Why AR/MR for Education?
Part 2 — Parents & Educators: Trends & Concerns
Covid-19 pandemic has highlighted the 10 biggest worries and trends in Parents and Educators, without highlighting a few contradictions as well. When schools are forced to use online tools like Facebook (seriously?) and parents are the first to use them, where and how can we set a line for online safety?
10 Biggest Worries for Parents in 2020
A survey, commissioned by Childcare.co.uk, asked 5,342 about their biggest parenting fears for the year ahead. Parents were asked to select their five biggest worries and here’s what they had to say (ranked by per cent of parents who selected the issue).
1. The anti-vaccination movement — 82%
2. Climate crisis — 73%
3. Bullying — 48%
4. Gaming addiction — 41%
5. Screen time — 39%
6. Racism — 34%
7. Mental health — 31%
8. Obesity — 28%
9. Social media — 23%
10. Crime — 19%
Top 10 Parenting Trends 2020
The survey also revealed the top parenting trends set to take hold for mums, dads and guardians in 2020.
1. Limiting social media use / screen time — 64%
2. Dismantling gender norms — 57%
3. Plant-based diets — 43%
4. Family volunteering — 33%
5. Homeschooling — 27%
6. Plastic-free parties — 23%
7. Limiting gaming time — 19%
8. Opening savings accounts — 15%
9. Eco-friendly products — 12%
10. Gender reveal parties — 8%
DISABILITY and DIVERSTY are still misrepresented or simply left-out!
What does it mean when disability is portrayed as a villainous trait?
Differently-abled characters are lacking proper representation on screen, and other findings from a recent study on UK inclusion among preschool shows.
One in five people in the UK live with a disability or impairment, yet this isn’t reflected in the content kids are consuming. Disability is not only under-represented across children’s programming, but when it does appear on screen, it’s often associated with villains, according to a new study commissioned by preschool SVOD service Hopster-TV, done in partnership with kid research firm Dubit. According to the paper, Is TV Making Your Child Prejudiced: A report into pre-school programming, disabilities were only shown in 16% of the 50 programs included in the study.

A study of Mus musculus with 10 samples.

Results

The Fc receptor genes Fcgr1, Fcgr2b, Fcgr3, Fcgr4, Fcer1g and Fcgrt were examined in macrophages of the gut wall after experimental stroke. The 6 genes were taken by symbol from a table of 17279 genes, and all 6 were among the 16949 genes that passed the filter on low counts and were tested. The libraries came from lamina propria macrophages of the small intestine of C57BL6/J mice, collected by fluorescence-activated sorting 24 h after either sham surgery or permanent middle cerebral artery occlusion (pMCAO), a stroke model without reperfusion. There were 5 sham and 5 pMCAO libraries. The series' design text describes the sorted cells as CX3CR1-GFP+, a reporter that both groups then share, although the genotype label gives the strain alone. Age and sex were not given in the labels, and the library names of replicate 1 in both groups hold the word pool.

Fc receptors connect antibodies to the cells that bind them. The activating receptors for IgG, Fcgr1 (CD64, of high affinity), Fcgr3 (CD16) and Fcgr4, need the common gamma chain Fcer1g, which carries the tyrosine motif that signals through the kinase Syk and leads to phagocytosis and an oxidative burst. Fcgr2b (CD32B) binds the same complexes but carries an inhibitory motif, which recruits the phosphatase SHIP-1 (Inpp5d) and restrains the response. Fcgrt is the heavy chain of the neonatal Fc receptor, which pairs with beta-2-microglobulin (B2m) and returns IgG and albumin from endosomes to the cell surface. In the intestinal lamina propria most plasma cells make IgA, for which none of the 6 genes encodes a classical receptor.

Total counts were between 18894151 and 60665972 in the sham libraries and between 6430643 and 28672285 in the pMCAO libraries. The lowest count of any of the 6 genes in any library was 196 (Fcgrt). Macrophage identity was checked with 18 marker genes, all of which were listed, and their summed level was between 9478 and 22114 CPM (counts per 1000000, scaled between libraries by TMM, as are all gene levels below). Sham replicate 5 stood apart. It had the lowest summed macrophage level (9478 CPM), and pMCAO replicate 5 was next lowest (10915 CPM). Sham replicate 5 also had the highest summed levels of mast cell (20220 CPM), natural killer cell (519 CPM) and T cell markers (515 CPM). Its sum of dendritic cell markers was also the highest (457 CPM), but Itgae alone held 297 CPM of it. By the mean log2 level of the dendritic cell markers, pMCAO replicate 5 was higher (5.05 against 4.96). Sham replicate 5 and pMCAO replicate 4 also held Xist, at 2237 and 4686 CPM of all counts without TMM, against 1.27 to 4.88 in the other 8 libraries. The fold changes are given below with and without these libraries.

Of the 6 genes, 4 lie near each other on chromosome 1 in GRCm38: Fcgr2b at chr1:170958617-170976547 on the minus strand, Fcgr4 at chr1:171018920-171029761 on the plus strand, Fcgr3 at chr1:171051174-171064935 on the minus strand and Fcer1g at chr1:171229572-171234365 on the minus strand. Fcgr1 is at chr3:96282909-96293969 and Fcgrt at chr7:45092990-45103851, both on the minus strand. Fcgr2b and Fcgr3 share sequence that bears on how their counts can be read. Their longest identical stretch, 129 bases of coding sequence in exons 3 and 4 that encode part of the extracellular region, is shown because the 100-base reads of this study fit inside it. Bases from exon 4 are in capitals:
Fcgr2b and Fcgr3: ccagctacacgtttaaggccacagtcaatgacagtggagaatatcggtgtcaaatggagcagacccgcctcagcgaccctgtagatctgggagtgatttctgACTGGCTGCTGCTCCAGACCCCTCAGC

Digital Native Kids
Ofcom 2018–2020 research shows that Generation Alpha (or Gen Alpha for short) is the demographic cohort succeeding Generation Z. Researchers and popular media use the early 2010s as the starting birth years and the mid-2020s as the ending birth years. Named after the first letter in the Greek alphabet, Generation Alpha is the first to be born entirely in the 21st century. Most members of Generation Alpha are the children of Millennials. Generation Alpha has grown up using smartphones and tablets as part of their childhood entertainment.
Screen time among infants, toddlers, and preschoolers exploded during the 2010s. Some 90% of young children used a hand-held electronic device by the age of one; in some cases, children started using them when they were only a few months old. In February 2020, an updated Ofcom report reveals that kids spend more and more time on YouTube and are somewhat more aware of the games they choose to play. Social Media still represents a confusing issue. But most of the kids missed their friends during Covid-19 first lock-down (March 2020).
Ofcom 2020 Covid-19 research key-findings
Most children in the study were lacking structure and tended to fill their time with online activities. Children learning remotely were not doing as much schoolwork as they would in regular term-time.
This meant that most of the children were lacking structure and routine, and were instead spending a large amount of time online, and alone in their rooms (although some developed more of a structured routine) including getting up earlier and exercising, as lockdown went on.
TikTok was hugely popular, rivalling other media activities
Most were using the TikTok app for several hours each day and reported that it was a good way to ‘kill time’.
A majority were posting their own content on TikTok, and in some cases children were copycatting content they had seen posted by others on the platform.
Socialisation had moved online, but was often done in conjunction with other activities
The pandemic has seen most children in England slipping back with their learning — and some have gone significantly back with their social skills, says Ofsted(2020), who warns that some young children have forgotten how to use a knife and fork or have regressed back to nappies. Older children have lost their “stamina” for reading, say inspectors.